Bill Russell has more NBA titles than anyone in league history. Eleven of his rings came as a player and two of them were as a coach. His record stands strong and is not likely to be broken anytime soon (unless Phil Jackson decides to come back from retirement). Russell famously said about defensive plays, “The idea is not to block every shot. The idea is to make your opponent believe that you might block every shot.”

A play in basketball can be defined as a move, or series of moves, that are coordinated to advance a goal in the game. All coaches have a play book. “Like any sports playbook [it] involves compilation of strategies the team would like to use during games. The playbook starts as a canvas picture of the basketball court with all its boundaries and lines. On top of that, the playmaker can draw O's for players on offense, and X's for players on defense. Specifically however, the playmaker will need to number them for different positions.” (Source).

Your coach’s playbook should be sure to take into account, for every play, every key position that is on the court: guards, forwards, and center striker. Most plays are sketched out and the positions numbered as offensive or defensive players. At a minimum there are usually 5 involved:

  1. Point guard
  2. Shooting guard
  3. Small Forward
  4. Power Forward
  5. Center

The other players are generally assigned to a player on the opposite team, when they are on defense, or a role to play in helping to move the ball down the court without letting the other team get it if on offense.

The following are three of the simplest plays to start with. These are sure to work for any coach and should fit into any playbook. They are clear, and should be kept simple so that they can be understood by even the most novice of players, so even the greenest of coaches can break the play down, demonstrate and teach it.

Code Blue, Or Blue Play

This is a six step play that is fun to learn and effective on the court. It begins with player 1 yelling, “Blue.” At that point, players 2 and 3 move toward the middle of the court then as fast as they can to the extended free-throw line. Player 1 passes to whichever of number 2 or 3 are more open. When drilling, switch up who the ball is passed to on each turn to keep everyone sharp.

The Season describes the rest of the steps in this play:

  • Next: If the ball goes to the #2, then #4 (the offensive player on the opposite side of the original box formation) rushes to the free throw line. #5 posts for two counts and, if he hasn't received the ball yet, v-cuts to the middle and then toward the corner on the same side.
  • Then: #2 then passes to #5 and breaks for the basket, looking for a pass back. #4, positioned at the free throw line, if not open will roll down the lane and then continue to the other side.
  • However, do this: If no one is open, #1 will move to where #2 was (at the right side wing) and get the ball back from #5. #3 will move to where #1 was, at the top of the key.
  • Follow Up: Once #1 has the ball, #5 will rush toward the basket and look for the return pass. #1 will pass back to #3 as #2 moves around toward the elbow and positions for a possible jump shot.Once #1 has the ball, #5 will rush toward the basket and look for the return pass. #1 will pass back to #3 as #2 moves around toward the elbow and positions for a possible jump shot.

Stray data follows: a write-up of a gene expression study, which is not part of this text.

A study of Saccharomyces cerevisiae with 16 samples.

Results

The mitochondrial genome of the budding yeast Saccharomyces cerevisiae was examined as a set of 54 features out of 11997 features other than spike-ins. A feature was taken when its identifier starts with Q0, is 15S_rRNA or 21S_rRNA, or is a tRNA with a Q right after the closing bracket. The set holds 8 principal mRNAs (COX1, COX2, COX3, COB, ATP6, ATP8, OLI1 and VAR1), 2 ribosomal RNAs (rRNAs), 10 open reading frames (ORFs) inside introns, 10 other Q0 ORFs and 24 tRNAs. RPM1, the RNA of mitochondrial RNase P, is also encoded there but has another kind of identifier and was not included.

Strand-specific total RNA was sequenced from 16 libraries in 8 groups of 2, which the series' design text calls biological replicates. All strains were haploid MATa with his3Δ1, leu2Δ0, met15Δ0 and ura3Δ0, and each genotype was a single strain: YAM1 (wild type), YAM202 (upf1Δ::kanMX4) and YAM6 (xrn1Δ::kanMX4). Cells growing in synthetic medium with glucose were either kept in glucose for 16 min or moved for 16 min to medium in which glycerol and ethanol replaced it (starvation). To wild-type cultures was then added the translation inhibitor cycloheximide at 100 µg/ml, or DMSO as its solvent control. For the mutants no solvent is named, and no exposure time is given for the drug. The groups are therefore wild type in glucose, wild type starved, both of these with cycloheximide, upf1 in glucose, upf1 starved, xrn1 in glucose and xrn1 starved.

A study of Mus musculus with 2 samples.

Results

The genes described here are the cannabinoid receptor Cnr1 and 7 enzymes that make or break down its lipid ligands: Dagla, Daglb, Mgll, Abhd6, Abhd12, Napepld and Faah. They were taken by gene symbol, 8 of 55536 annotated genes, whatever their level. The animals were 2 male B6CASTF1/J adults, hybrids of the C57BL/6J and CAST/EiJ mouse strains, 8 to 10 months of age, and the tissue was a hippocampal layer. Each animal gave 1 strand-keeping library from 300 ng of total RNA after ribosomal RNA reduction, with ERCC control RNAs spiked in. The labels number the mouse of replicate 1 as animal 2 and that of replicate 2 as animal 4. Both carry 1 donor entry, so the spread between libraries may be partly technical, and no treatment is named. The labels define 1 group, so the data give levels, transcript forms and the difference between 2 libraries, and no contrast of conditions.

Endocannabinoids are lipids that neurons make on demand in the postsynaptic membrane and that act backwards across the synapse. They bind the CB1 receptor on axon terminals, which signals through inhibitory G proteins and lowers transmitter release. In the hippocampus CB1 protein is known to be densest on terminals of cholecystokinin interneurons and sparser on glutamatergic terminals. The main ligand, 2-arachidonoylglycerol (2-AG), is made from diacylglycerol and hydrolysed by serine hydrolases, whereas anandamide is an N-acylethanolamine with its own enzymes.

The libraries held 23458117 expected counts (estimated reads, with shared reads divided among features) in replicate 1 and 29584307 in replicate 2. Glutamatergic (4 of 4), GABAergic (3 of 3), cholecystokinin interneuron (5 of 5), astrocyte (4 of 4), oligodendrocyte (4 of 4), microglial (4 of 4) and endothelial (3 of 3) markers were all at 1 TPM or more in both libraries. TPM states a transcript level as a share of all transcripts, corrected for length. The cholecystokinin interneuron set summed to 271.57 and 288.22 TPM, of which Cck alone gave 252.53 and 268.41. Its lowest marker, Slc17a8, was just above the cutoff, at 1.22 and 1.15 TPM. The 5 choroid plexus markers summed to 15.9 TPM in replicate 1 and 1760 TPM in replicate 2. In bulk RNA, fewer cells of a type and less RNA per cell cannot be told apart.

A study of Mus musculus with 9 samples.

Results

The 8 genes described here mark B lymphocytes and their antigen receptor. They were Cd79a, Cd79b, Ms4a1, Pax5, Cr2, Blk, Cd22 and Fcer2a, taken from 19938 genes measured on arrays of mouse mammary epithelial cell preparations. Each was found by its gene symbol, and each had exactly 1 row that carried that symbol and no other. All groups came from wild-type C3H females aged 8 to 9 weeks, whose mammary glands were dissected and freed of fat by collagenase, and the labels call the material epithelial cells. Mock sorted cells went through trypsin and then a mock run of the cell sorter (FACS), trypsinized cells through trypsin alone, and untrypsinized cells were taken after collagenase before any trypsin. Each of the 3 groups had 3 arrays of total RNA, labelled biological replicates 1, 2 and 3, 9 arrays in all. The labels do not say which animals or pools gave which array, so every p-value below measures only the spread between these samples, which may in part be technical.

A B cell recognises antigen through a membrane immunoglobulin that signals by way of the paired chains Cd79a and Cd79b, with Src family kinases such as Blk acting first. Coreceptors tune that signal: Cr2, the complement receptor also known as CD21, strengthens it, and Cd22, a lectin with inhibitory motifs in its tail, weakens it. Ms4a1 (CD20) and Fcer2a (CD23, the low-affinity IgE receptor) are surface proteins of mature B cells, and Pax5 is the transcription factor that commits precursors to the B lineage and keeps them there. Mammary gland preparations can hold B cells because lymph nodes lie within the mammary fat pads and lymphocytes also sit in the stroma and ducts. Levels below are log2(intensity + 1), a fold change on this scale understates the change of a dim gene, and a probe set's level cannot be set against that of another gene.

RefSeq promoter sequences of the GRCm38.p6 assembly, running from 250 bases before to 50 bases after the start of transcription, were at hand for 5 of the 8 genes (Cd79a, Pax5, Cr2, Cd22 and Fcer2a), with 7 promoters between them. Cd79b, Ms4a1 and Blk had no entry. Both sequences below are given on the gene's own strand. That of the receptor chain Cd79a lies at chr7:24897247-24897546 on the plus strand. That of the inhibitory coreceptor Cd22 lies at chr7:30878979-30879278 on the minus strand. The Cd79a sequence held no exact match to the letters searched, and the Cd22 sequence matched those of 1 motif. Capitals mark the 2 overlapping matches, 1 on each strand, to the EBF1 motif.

• Finally: #4 will post a block for two counts and then break to the corner. If #2 isn't open, #3 should look for #4. #5 should flash to the middle and wait for an open shot or the rebound if #2 is able to shoot. Players should remember to clear the key by moving to the free throw line if they aren't able to get the shot.

Man To Man

This defensive play comes to us courtesy of The man-to-man defense is pretty self-explanatory—each player has to defend and follow the movements of another individual player. In the traditional man-to-man there are three positions in which you can be on the court.

  • On Ball - If you are guarding the ball you will be in a defensive stance in front of your man trying to pressure or contain the ball.
  • Denial - If your man is one pass away from the ball then you will be in a denial position, using your body and an extended arm to block the passing lane and prevent your man from getting the ball.
  • Help - If your man is two or more passes away then you will be in a help position. You will be a few steps away from your man toward the ball or the ball side of the court, and ready to help defend a drive into the paint or recover to your man if they get the ball.

Simple and Offensive: A Basketball Play for Kids

Planting Seeds is a parenting blog for parents and is not the most likely of sources to find the best basketball plays. However, one of our favorites for kids comes straight out of their playbook. This is the so-called motion offenses, or freelance style moves. As they note, “this is the very first thing that should be learned by kids. This is not a set; it is a well patterned offense just like the shuffle or flex. Kids should know how to use and set it even though they are running. This is also a safe and efficient method to beat man-to-man defense and it also works in a specific zone.”

This awesome YouTube Video shows you how this can be done by kids.

Of course all of the best plays are reserved for your viewing on the Hustle Training App. We look forward to seeing you there.